Ridiculously silly cat GIFs or viral Youtube videos that become so-called online “memes” over time, are not just time-wasters but can be used wisely by brands to engage with the Gen C, latest findings of the Google’s Engagement Project reveal

Started in May 2013 as part of the analytical Think Insights platform, The Engagement Project aims to study, understand and prove value of engagement in brand building. The central object of the research is a specific category of users that are referred to as those who “thrive on creation, curation, connection and community,” hence called Gen C. Defining this group, the age criteria isn’t the crucial one—so Gen C are people born in the different years, however, aссording to ComScore Videometrix’s survey as of April 2013, 65% of them are under 35.

So these users enjoy creating, sharing and discussing (viral) content online—which is called by Google’s  Head of Strategic Planning, Abigail Posner, a “visual play.” To understand the meaning of this process and the point of creating memes, Google has teamed up with anthropologists, digital vanguards and content creators, as well as spoken to a number of Gen C’ers. The key findings of what they have discovered are summarized below.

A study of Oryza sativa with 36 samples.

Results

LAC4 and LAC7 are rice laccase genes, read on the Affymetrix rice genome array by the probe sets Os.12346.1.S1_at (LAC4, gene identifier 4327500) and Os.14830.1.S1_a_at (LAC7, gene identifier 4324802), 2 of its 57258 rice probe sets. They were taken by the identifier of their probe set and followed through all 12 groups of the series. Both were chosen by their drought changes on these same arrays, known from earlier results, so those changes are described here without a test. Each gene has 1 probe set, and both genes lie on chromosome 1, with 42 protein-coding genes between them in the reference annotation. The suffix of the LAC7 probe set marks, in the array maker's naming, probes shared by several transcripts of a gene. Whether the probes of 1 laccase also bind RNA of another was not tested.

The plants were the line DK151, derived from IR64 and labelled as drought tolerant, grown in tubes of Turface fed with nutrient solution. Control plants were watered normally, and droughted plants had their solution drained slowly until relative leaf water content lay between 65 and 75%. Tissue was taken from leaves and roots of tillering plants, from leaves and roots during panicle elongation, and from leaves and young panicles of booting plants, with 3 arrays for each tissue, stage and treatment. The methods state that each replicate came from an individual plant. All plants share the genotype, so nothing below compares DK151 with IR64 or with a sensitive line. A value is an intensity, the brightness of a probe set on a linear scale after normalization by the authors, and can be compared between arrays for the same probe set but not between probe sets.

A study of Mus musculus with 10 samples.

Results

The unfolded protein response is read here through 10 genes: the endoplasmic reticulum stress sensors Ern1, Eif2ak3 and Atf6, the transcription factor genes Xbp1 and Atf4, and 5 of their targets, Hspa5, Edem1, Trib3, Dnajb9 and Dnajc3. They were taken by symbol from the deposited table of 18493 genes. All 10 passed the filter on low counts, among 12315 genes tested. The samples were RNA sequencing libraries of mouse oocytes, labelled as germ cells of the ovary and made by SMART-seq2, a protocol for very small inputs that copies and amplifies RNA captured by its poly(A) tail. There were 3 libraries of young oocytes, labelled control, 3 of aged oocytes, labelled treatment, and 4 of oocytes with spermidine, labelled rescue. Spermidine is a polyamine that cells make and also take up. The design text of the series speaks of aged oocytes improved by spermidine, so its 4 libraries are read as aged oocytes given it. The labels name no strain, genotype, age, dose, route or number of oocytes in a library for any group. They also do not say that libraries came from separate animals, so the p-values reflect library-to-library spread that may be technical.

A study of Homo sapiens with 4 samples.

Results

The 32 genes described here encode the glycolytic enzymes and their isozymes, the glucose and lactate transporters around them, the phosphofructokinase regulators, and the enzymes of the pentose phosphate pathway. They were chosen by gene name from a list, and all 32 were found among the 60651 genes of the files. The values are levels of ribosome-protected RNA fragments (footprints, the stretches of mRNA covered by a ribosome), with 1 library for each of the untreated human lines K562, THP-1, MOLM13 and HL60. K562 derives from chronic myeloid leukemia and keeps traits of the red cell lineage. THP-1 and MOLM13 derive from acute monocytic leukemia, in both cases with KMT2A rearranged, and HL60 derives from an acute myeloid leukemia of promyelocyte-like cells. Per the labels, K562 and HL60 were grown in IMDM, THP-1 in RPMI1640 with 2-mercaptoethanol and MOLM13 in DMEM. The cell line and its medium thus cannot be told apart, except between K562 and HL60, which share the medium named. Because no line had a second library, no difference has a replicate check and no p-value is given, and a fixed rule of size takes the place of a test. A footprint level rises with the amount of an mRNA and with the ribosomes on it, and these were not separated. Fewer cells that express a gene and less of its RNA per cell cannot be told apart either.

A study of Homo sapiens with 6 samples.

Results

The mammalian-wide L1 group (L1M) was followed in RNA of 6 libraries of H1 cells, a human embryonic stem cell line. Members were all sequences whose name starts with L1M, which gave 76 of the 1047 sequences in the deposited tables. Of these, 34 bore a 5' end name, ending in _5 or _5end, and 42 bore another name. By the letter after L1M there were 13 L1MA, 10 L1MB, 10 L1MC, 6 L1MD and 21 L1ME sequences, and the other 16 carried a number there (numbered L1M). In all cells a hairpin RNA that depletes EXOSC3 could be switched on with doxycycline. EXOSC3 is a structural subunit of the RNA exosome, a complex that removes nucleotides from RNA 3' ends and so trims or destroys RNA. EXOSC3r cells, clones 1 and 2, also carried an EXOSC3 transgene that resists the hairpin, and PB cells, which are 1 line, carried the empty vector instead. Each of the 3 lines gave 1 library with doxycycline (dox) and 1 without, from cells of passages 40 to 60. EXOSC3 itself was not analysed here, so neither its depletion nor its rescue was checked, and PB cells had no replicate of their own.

A fresher view on ordinary, familiar things

As Google puts it, visual content, as well as art, poetry and philosophy, —are the means of rediscovering the miraculous in mundane, new in familiar, fascinating in routine. After all, it fulfills a cognitive human need of experiencing the world at a new perspective.

Pure joy of creativity 

Visual web frees people’s cliched minds and, like in childhood, allows us to connect seemingly unrelated things. Neuroscientist have a special term to define this process—a synapse, which is considered to be the basis of creativity. So the process of creating memes can be regarded a synaptic play.

Happiness shared=happiness amplified

As babies, we learn a “social smile” from our moms—so we do the same with memes when become adults. Sharing a “social smile” with the friends online makes us feel better, too. All the pins, posts, likes and retweets are of the same nature—these little “moments of online communication” remind us that we are truly connected in the real world.

Advice to advertisers 

Knowing the hidden psychological meaning behind the “visual attention distractors,” brands should understand what attracts people in this type of content to duplicate this effect in their branded online communications: memes discover something new in mundane, evoke creativity through synaptic play, and allow to exchange positive energy.

To learn more about the research, please download the full report in PDF here.